Daughtry gives credit to American Idol for making them bigger than Bon Jovi
I can’t believe it’s been five years since Chris Daughtry made it to the top 5 on “American Idol.” Since then, he dropped the “Chris,” put together a band and now “Daughtry” (the band) is the third-highest selling band or artist to come off the “Idol” franchise.
However, he says it’s thanks to Idol that his band has catapulted to success.
“I never really thought about going into that show to win it. I really just wanted to get more gigs. I wanted to be able to play music -- even on a small level. Just getting booked every week and getting my music out there. I didn't expect it to go to what it did,” Chris Daughtry told Hollyscoop while helping launch the Duracell Holiday Insurance Program.
Now, with a new album out, “Break The Spell,” many critics are saying the band is bigger than Bon Jovi. Daughtry admits he shies away from those kind of comparisons.
“Well, it's certainly flattering, slightly uncomfortable. It's a band that one, Jon is a good friend of mine, I look up to those guys dearly, and we've toured with them. We both have bands named after our last name. It's slightly uncomfortable. It's as uncomfortable and people saying that we were the fastest selling rock debut of all time when really that was since 1996 when SoundScan was invented.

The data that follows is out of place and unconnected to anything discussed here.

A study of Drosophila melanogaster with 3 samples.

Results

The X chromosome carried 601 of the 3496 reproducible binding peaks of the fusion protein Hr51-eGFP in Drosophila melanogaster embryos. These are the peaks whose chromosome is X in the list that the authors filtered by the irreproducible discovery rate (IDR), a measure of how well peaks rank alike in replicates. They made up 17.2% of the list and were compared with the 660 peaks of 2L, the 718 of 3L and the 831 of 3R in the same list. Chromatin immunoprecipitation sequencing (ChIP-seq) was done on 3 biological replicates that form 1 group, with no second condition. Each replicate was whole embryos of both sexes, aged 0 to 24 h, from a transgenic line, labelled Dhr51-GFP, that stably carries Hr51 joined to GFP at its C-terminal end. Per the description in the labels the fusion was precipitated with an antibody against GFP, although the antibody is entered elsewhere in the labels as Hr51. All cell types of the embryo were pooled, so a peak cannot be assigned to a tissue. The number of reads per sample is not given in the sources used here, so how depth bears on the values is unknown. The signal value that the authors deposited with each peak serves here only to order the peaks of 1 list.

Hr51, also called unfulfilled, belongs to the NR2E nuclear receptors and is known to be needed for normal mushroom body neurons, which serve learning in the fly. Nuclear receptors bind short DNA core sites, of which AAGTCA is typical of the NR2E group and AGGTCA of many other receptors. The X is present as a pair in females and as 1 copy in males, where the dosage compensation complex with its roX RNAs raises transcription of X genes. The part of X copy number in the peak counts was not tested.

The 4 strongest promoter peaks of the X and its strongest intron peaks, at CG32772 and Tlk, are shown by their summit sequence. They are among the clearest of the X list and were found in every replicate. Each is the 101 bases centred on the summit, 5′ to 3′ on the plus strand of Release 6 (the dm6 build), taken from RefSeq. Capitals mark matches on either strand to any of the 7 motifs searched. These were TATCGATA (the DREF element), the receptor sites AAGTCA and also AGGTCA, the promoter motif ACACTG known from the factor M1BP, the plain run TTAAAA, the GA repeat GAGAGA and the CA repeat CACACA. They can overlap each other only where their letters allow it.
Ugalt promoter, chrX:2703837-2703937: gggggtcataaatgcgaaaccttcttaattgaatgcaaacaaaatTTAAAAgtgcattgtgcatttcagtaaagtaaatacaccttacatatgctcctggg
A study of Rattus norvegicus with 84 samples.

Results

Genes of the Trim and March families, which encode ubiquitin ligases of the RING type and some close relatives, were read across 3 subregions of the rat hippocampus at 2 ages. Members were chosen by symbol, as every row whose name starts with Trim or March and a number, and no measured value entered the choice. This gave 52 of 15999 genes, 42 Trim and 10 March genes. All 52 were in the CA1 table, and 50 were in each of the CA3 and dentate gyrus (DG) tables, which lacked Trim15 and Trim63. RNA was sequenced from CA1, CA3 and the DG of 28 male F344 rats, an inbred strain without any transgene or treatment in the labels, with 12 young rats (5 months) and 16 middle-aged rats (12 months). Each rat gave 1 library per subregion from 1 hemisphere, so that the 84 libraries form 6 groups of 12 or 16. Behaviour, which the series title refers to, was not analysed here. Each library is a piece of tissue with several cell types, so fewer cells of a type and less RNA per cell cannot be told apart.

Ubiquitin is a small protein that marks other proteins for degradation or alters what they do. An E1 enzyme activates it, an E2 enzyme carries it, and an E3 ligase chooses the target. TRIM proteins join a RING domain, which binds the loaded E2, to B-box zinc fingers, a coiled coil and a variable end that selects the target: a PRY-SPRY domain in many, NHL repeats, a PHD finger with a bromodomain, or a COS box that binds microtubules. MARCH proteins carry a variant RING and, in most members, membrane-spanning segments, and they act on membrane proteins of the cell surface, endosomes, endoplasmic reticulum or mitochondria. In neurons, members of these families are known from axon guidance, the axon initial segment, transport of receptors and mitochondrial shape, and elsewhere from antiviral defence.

“You've got all these other bands out there that have done it way bigger than we have and way bigger than we may ever. U2, Led Zepplin, Bon Jovi, they're selling out stadiums. It kind of makes me cringe a little just for the -- I feel like it's possibly an insult to them.”
Just take the compliment and run. But it’s nice to see that Daughtry and the band are humble about all the fame.
He says this new album is more “upbeat,” because their last few albums were filled with so many songs he describes as “downers.”
“We wanted something that was driving, and more upbeat, even lyrically more positive than the last one. We didn't want to have two hours worth of downers. So ya, I think that's what drove the writing process on this record and I think that's what makes it stand out,” reveals Daughtry.
Daughtry has been on the scene now for about five years and hopes he’s doing the exact same thing in another five years, “Hopefully people like yourself want to even talk to me in five years or asking about the next record. We just love what we do. We don't even consider it a job. That's our "job" to play music and hopefully to enrich other's lives with it.”